The Society was seen by some members as having lost its purpose and sense of urgency. A developer said too much influence is placed on raising money as opposed to sharing the mission spirit. Do we need to return to the mindset of the founders? One man said an Orbis editor told him he systematically removes references to mission from mss. (?) [blogger's note: sounds apocryphal to me.] Do we need to clarify our spirituality or do we need a formal outward sign or dress?
In the Church at large mission is not emphasized; various crises and scandals plague it; little interest in Ad Gentes mission; bishops see themselves as pastors and not missionaries. Ireland, among other countries, has few vocations; Asia has more ordinations but can these take up the slack?
Fr. Larry Murphy asked a pivotal question: what do we mean by "Church"?
Fr. Dan Dolan was surprised some men look down on "change", as in laity now doing many jobs once done by only Maryknollers. He sees this as a positive adaptation to our reality.
Fr. Charley Cappel said in the old days we believed "outside the Church is no salvation." Vatican II changed this but with it we lost our sense of purpose for mission.
Fr. Ernie Brunelle sees the Evangelicals and Nondenominationals as doing the mission work Maryknoll used to do and going to dangerous places such as Pakistan, risking imprisonment and death.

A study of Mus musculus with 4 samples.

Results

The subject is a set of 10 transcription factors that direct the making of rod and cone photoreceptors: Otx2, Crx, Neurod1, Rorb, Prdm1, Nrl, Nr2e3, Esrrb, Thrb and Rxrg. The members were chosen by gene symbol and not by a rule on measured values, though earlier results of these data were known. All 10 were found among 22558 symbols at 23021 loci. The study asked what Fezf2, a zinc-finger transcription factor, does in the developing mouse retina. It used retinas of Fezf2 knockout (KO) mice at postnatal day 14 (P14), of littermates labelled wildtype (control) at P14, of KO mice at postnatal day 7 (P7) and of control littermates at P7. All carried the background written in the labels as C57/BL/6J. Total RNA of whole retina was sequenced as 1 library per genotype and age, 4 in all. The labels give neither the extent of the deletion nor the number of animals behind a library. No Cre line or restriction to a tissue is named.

Fr. Kevin Hanlon says one problem is we are conditioned not to emphasize our particular charisms or uniqueness for fear of offending the laity. He feels we lack focus.
Bill Frazier said one thing these conversations wanted to accomplish is to see whether we need to change Maryknoll, or change the Church. How are our vocations being prepared?
Fr. Ray Sullivan responded to Kevin's observation by saying he doesn't feel close to the Affiliates although at yesterday's presentation on Haiti it was an Affiliate who volunteered on the spot.
Yours Truly opined that when I was a seminarian at Hingham in 1973, we were visted by two missioners: Fr. Joe Trainor and a young priest who shall reman nameless since he has left the Society. In any event, all of us younger guys felt more inspired by Trainor. The young priest was cynical and sarcastic; Joe was happy in his vocation as priest and enthusuastic to be a missioner. I said we can't really change the church or the Society, but we can change ourselves. We can become what we want the Society to be. When prospects visit us, subcontiously they are thinking, "Is this the kind of group I want to spend the rest of my life with? And is this what I will turn into if I join?'
Kaserow said the men in Chicago like to visit us because we offer our insights and experiences.
Bill Frazier observed that most of us were trained to be pastors, not missionaries. Out of 220 pastoral references to Vatican II in the official manual for priestly formation, not a single one is to mission, he said.
We ended with a quote from Ad Gentes, "The Church on earth is by it's very nature missionary..."
Bill passed out several papers he prepared responding to the "takeover of the missionary Church" by pastoral concerns.
This blogger is left to wonder which is easiest to change: the Church, the Society or ourselves? Only one is even possible. Perhaps it's easier (and certainly safer) to focus our energies and attention elsewhere rather than to be about the self critical work required by legitimate renewal and reform.